Of the three, The Shop Around the Corner (1940) has probably enjoyed the highest profile over the years, being one of the best films of director Ernst Lubitsch and screenwriter Sam Raphaelson, and blessed with a high profile cast including Jimmy Stewart, Margaret Sullavan and Frank Morgan. It also helps that the film was loosely remade as You’ve Got Mail (1998), which led to a lasting trickle of interest in the original.
Set in a Budapest gift shop during the holiday season, The Shop Around the Corner follows the lives of its employees, from the marriage troubles of the shop owner (Morgan) to the anxiety of a new delivery boy. At the center of it all are Sullavan and Stewart, employees of the store who are constantly at odds with each other, but also secret pen pals who are falling in love.
If it weren’t for the Lubitsch/Raphaelson combo, it might seem silly how long it takes these characters to figure out a few clear truths. Instead, these commonplace, but deeply important and occasionally magical elements of human relationships are revealed with the light touch and subtle winking manner that gives a luster to anything these two create.
Note: viewers who are sensitive to content involving attempted suicide might want to steer clear. There is a brief scene in which more is implied than seen, but which does have a strong emotional impact.
Special features on the disc include A New Romance of Celluloid: The Miracle of Sound, a Screen Guild Players Radio Broadcast of the film's story from 1940 and a Lux Radio Theater Broadcast from 1941, and a theatrical trailer. It Happened on 5th Avenue is another solid ensemble piece, though without the star power draw of The Shop Around the Corner. This does not mean that Don DeFore, Ann Harding, Charles Ruggles, Victor Moore, and Gale Storm are any less riveting in this story of making emotional connections across class, generations, and time. Moore is Aloysius T. McKeever, a man without his own home who spends his winters in the Park Avenue mansion of the obscenely wealthy Michael O’Connor (Ruggles) while the ruthless real estate magnate is at his country property. This year is different though, he picks up a few other people in need of shelter, including recently evicted veteran Jim (an energetic and charismatic DeFore), a family with a newborn, and eventually the residents of the mansion (though incognito) O’Connor, his ex-wife Mary (Harding), and his desperately lonely daughter Trudy (Storm).
These eleven drifters, be it physically, emotionally, or both, live under the moral leadership of McKeever, who seems better suited to oversee operations at the cavernous home than its oblivious owner. The community and mutual aid they develop together has special meaning in this year of isolation, with many experiencing loss of crucial resources, and feeling renewed outrage about the way the wealthiest hoard assets needed by the masses. These serious issues are approached firmly, but also with warmth, gentle humor, and a feeling of hope. That’s why while only one scene centers on Christmas, it is an essential holiday film.
The disc also includes a 1947 Lux Theater broadcast of the film’s story.
My favorite of this trio is Holiday Affair, a quietly moving and humorous drama about a widow (Janet Leigh) struggling to move past the loss of her soldier husband.
Leigh is Connie, a secret shopper who unknowingly costs salesman Steve (Robert Mitchum) his job. When she realizes her faux pas, she buys him lunch and they quickly form a bond.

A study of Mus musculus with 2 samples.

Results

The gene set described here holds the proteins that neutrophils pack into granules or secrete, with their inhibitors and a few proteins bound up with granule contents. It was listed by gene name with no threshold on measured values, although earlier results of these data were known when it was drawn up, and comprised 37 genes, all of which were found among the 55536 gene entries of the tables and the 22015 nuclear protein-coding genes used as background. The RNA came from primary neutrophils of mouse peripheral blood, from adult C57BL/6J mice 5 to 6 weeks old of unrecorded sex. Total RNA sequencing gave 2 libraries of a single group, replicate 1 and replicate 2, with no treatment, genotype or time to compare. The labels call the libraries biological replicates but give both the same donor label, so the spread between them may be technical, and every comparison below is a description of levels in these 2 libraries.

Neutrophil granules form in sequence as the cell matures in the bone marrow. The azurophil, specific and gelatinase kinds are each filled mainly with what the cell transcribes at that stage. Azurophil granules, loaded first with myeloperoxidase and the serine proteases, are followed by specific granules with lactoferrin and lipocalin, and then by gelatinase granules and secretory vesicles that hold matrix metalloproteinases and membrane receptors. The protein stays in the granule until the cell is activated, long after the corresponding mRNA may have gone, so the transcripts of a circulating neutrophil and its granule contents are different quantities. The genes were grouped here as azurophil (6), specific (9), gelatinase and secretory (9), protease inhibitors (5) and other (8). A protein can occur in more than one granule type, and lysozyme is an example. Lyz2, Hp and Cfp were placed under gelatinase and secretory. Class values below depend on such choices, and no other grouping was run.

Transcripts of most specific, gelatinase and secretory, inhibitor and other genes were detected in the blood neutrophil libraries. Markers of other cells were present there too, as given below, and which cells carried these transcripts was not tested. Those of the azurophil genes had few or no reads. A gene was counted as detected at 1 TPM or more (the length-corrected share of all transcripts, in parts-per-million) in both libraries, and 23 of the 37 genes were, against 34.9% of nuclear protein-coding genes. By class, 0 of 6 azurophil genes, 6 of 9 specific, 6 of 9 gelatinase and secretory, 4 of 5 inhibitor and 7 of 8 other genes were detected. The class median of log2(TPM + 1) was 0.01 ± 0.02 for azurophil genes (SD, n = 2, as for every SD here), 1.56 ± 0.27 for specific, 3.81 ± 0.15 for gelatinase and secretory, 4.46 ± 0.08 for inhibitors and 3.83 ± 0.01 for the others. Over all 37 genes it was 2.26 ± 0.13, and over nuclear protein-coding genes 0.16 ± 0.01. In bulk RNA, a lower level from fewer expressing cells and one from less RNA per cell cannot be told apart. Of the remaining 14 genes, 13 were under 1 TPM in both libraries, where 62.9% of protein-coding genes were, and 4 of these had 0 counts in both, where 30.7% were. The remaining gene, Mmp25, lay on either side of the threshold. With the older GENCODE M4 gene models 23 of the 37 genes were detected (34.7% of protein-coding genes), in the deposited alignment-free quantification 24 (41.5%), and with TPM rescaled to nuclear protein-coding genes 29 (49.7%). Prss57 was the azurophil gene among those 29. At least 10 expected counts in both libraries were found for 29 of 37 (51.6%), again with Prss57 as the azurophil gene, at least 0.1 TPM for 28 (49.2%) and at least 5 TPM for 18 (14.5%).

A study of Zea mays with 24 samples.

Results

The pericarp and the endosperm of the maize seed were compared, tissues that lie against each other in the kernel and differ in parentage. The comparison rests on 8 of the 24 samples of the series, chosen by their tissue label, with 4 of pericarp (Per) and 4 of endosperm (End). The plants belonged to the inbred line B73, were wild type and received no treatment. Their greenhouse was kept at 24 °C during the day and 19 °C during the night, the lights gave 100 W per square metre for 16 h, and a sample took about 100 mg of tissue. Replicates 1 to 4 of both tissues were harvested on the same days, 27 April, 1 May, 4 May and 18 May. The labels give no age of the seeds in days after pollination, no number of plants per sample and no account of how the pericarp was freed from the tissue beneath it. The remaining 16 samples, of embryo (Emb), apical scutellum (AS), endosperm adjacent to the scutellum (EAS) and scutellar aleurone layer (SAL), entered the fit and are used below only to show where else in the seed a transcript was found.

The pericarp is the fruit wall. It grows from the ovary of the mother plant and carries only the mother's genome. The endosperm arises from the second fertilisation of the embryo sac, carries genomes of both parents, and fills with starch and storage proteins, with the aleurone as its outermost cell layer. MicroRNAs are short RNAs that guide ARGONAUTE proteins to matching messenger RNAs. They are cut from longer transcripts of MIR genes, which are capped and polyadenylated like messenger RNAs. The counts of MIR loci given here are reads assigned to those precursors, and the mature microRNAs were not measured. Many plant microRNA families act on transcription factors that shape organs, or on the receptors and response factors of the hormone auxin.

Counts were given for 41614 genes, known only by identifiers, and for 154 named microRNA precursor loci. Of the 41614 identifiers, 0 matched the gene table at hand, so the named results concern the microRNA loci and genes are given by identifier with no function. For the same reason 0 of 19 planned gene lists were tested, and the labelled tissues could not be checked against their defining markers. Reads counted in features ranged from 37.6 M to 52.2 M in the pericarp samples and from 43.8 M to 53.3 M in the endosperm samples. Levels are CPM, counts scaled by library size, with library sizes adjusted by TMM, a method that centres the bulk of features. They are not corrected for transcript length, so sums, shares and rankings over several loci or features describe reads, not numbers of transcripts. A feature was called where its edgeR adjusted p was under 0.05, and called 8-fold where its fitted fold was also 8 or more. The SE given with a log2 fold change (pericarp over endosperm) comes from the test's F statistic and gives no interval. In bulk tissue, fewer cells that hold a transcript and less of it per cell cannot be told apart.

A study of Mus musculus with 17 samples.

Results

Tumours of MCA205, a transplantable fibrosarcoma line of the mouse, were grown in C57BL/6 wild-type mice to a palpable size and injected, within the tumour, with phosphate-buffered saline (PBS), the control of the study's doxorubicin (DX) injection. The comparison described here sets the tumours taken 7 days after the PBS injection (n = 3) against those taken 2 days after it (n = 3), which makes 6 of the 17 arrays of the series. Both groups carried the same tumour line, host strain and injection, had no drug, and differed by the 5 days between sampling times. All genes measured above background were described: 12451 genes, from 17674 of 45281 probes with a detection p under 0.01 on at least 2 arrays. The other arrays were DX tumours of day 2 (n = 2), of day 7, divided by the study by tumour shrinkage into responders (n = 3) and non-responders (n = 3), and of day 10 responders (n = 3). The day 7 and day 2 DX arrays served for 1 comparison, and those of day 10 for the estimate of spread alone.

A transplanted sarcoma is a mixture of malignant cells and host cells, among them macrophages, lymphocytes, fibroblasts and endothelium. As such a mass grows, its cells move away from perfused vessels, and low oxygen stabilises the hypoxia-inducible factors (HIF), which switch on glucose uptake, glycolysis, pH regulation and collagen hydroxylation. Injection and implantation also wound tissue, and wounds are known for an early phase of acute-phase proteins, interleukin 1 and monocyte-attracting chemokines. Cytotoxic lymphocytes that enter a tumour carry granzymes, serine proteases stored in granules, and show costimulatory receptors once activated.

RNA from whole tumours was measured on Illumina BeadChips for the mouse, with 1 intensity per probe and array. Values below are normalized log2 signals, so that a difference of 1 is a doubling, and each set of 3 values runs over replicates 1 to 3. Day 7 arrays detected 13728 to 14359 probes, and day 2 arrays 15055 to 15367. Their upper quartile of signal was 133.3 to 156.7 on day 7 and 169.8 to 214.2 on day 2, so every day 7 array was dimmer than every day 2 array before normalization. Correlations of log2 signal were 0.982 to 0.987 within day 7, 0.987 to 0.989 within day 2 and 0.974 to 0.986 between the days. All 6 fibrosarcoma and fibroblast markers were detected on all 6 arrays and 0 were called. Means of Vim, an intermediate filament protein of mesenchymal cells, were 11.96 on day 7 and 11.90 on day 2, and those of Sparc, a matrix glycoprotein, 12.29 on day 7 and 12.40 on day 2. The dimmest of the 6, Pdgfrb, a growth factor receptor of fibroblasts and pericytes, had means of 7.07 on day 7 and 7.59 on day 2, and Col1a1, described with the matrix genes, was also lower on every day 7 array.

Connie has been dating the attentive Carl (Wendell Corey) for a couple of years, but the arrival of Steve throws her into confusion about what she truly desires. Connie’s son Timmy (Gordon Gebert) has no doubts about what he wants: an electric train for Christmas and Steve for his new father.
Carl knows how to tend to Connie: he remembers what drink she likes and gifts her with clothing that suits her perfectly, but over the years he hasn’t come to understand her on as profoundly as Steve does with just a few meetings. He sees that Timmy has replaced his father as the head of the house and that Carl will never fit the bill because a ghost will always live with them. In a way Timmy knows that too, with the blunt, but honest perception of a child.
Mitchum is beautifully receptive in this early role. As an actor he’s a great listener, and he demonstrates that ability in his scenes with Gebert, where his careful attention to the boy is both charming and deeply moving. He’s also a nice match with Leigh; they’re low key about their attraction, but you can sense the sizzle beneath the surface.
While Steve is the catalyst for Connie to move on to a healthier life, she has a loving support system which has helped her to maintain a home and career. Graff Barnett and Esther Dale are unusually understanding and supportive as Connie’s parents. Gebert is lovely as her son: full of the desires of a young boy, but kind and considerate of his mother; he has the most charming lines in the film and he gets into the emotion of them with appealing gusto. It’s also nice that while Carl isn’t the man for Connie, he’s not made out to be a villain. He knows when to bend to her needs and he does so gracefully.
This is a particularly nice holiday film because while it deals with loss and need, it does so gently and with a light touch. It’s Christmas spirit without the tear-jerking.
Special features on the disc include a 1950 Lux Radio Theater production of the film’s story and a theatrical trailer.
Many thanks to Warner Archive for providing copies of the films for review. To order, visit The Warner Archive Collection.